Second Circuit Affirms Summary Judgment for Michael Ryan and Jonathan Zellner in Equal Protection Case

December 19, 2016

On December 9, 2016, the United States Court of Appeals for the Second Circuit affirmed a decision of the United States District Court for the District of Connecticut granting summary judgment in a class-of-one equal protection case filed on behalf of a property owner who claimed unequal enforcement of municipal zoning regulations against him.  In 2010, the plaintiff’s neighbors sued the plaintiff in state court, claiming that he had engaged in commercial operations on his residentially zoned property in violation of the local zoning regulations and that his operations unreasonably interfered with the use and enjoyment of their property.  In April 2011, the neighbors obtained a temporary injunction preventing the plaintiff from engaging in these operations, which included the manufacture and sale of farm loam.  In July 2011, following numerous complaints by the plaintiff’s neighbors to planning and zoning officials about continued operations on the plaintiff’s property despite the temporary injunction, the municipality and its zoning enforcement officer intervened in the nuisance lawsuit.  In April 2012, a permanent injunction issued against the plaintiff, permanently enjoining him from engaging in the activities from which the temporary injunction had enjoined him.  The court in the nuisance lawsuit determined that the production and sale of farm loam was not a “farming” activity for purposes of the local zoning regulations.

In 2013, the plaintiff brought suit against the municipality, its planning and zoning commission, and the zoning enforcement officer, pursuant to 42 U.S.C. § 1983, alleging a Fourteenth Amendment, class-of-one equal protection claim against them.  The plaintiff claimed that, in May 2012, his attorney informed the defendants that other property owners in residential zones were producing and selling farm loam from their properties, in violation of the zoning regulations.  The zoning enforcement officer investigated the accusations, but ultimately determined that they did not warrant enforcement of the zoning regulations with respect to the manufacture and sale of farm loam against the particular property owners.  The plaintiff claimed that there was no rational basis for this alleged unequal enforcement of the zoning regulations and that it amounted to a violation of his equal protection rights.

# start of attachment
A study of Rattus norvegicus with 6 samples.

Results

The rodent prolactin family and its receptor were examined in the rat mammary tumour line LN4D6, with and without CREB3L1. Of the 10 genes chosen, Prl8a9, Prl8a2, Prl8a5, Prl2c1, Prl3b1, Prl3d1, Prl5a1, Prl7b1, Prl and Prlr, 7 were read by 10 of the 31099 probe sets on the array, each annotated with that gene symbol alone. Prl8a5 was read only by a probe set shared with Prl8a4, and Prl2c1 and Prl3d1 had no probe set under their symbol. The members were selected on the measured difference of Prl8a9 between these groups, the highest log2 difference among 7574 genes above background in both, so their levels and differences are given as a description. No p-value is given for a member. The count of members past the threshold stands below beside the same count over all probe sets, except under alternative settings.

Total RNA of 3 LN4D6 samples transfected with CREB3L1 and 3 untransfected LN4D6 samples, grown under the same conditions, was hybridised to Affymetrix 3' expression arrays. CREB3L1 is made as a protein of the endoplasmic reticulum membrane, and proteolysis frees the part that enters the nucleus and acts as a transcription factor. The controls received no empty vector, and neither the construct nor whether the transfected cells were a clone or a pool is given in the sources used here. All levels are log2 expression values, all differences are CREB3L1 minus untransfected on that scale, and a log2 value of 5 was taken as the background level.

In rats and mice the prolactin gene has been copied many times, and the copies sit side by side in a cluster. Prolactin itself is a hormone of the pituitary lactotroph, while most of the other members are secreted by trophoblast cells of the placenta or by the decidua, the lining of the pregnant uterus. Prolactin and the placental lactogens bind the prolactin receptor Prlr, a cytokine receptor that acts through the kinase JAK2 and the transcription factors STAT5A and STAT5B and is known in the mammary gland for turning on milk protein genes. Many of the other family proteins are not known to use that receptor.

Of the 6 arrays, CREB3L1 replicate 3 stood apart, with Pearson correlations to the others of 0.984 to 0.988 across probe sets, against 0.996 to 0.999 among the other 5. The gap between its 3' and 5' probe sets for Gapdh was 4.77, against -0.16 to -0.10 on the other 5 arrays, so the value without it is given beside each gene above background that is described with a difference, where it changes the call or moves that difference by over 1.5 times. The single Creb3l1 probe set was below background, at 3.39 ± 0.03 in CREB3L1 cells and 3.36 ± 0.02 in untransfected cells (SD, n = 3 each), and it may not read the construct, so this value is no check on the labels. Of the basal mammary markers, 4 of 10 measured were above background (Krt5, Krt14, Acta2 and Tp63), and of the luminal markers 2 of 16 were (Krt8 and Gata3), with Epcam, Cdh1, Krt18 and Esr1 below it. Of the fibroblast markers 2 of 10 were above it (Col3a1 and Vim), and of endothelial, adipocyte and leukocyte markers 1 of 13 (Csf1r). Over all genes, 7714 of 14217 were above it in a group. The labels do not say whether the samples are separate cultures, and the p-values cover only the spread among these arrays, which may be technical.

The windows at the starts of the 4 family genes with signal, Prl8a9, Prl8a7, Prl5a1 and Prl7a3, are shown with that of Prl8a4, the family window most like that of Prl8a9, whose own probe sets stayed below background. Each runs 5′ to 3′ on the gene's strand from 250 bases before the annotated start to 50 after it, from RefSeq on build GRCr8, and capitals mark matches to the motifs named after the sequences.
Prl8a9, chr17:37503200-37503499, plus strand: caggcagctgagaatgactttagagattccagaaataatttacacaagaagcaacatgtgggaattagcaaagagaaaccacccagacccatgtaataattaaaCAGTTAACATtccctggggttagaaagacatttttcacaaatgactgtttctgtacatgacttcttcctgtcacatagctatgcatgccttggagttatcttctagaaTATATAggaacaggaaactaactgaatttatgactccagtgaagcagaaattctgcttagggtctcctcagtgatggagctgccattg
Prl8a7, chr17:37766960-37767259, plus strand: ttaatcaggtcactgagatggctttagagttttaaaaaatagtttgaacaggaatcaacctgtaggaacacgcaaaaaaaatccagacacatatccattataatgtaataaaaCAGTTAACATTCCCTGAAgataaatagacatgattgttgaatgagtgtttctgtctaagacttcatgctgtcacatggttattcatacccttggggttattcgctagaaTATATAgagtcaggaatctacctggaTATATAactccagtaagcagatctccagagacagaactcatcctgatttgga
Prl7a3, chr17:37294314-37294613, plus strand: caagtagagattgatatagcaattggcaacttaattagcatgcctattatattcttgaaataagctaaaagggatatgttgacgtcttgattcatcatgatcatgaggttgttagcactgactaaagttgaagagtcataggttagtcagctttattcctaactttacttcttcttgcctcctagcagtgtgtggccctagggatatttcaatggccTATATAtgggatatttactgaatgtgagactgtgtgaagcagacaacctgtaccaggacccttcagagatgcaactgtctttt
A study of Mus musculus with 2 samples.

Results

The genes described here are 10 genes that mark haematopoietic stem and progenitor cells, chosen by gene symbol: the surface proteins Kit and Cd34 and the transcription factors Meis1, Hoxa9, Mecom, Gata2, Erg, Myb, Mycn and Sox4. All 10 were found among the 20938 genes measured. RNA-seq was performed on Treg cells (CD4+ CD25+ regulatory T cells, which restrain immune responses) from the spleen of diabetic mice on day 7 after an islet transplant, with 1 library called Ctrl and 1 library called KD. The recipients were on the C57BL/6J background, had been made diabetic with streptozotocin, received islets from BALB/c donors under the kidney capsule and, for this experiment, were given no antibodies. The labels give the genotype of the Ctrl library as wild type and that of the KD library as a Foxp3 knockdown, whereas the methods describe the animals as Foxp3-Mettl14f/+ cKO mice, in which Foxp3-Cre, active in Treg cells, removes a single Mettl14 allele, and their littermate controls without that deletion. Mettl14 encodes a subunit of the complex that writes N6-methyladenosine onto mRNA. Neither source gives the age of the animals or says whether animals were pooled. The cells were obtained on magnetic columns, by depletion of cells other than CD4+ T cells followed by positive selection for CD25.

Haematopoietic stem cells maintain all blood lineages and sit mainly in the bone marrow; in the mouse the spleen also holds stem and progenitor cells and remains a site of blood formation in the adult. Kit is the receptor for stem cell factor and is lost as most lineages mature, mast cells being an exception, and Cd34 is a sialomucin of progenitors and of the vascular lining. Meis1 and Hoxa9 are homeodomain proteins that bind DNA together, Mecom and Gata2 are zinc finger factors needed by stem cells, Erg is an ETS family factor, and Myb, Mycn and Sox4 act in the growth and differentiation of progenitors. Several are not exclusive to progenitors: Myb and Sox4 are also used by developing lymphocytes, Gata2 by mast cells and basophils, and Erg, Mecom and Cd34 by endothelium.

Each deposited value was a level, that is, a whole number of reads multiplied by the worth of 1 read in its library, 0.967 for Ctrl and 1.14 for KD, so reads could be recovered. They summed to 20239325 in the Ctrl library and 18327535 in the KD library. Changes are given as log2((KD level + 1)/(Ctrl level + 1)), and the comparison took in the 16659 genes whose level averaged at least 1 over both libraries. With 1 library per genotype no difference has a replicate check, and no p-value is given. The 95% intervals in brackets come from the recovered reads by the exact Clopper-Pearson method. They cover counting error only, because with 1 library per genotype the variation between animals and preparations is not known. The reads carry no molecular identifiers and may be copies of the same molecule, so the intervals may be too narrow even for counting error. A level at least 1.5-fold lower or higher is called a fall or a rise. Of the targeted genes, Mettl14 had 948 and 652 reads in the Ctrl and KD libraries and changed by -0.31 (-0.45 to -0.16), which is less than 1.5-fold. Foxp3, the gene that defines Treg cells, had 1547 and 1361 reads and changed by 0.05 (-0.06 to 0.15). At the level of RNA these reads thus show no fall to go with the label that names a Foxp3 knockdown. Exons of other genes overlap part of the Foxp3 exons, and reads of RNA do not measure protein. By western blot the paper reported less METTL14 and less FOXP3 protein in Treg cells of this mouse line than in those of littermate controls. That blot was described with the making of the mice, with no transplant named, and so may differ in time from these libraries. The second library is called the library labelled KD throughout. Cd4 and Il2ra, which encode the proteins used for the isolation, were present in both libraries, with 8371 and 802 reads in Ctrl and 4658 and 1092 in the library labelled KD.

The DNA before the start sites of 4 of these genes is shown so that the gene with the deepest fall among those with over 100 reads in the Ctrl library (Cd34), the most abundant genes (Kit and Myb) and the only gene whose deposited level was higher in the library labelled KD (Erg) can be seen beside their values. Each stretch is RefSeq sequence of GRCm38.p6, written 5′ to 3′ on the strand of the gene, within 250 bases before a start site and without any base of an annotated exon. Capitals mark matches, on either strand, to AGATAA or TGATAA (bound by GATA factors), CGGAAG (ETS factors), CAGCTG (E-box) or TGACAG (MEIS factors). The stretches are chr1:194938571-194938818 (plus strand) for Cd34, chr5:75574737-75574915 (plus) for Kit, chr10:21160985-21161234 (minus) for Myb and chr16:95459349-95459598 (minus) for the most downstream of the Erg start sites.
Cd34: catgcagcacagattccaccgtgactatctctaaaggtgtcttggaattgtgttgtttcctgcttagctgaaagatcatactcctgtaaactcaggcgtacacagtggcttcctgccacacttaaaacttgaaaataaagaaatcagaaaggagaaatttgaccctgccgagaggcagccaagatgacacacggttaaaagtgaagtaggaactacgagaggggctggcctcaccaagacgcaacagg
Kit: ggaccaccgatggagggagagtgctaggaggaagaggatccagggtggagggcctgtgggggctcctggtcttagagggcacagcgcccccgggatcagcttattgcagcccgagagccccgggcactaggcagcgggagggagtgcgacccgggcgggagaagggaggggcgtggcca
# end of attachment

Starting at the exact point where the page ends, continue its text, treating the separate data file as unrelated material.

Attorneys Ryan and Zellner filed a motion for summary judgment on behalf of the defendants, arguing, among other things, that the property owners to which the plaintiff sought to compare himself were not similarly situated for purposes of his equal protection claim and that the defendants’ alleged unequal enforcement of the zoning regulations did not proximately cause his injuries.  For purposes of a class-of-one equal protection claim, the persons or properties to which a plaintiff seeks to compare itself must be similarly situated—or, for all intents and purposes, identical.  On December 4, 2015, the Honorable Janet Bond Arterton granted summary judgment for the defendants, finding that the plaintiff and the comparator property owners were not similarly situated.  Judge Arterton also agreed with the defendants that any alleged unequal enforcement of the zoning regulations was not the proximate cause of the plaintiff’s alleged damages.

The plaintiff appealed the district court’s decision to the United States Court of Appeals for the Second Circuit.  On December 9, 2016, a panel of Second Circuit judges affirmed Judge Arterton’s decision.  The Second Circuit held that the plaintiff had failed to show that he was similarly situated to the comparator property owners.  The Second Circuit agreed that there were material differences in the respective uses of the properties and that the nuisance complaints concerning the plaintiff’s property were far more numerous and vociferous than were any complaints about the activities on the comparator properties.  Accordingly, the Court found that the plaintiff could not establish a cognizable claim under the Fourteenth Amendment.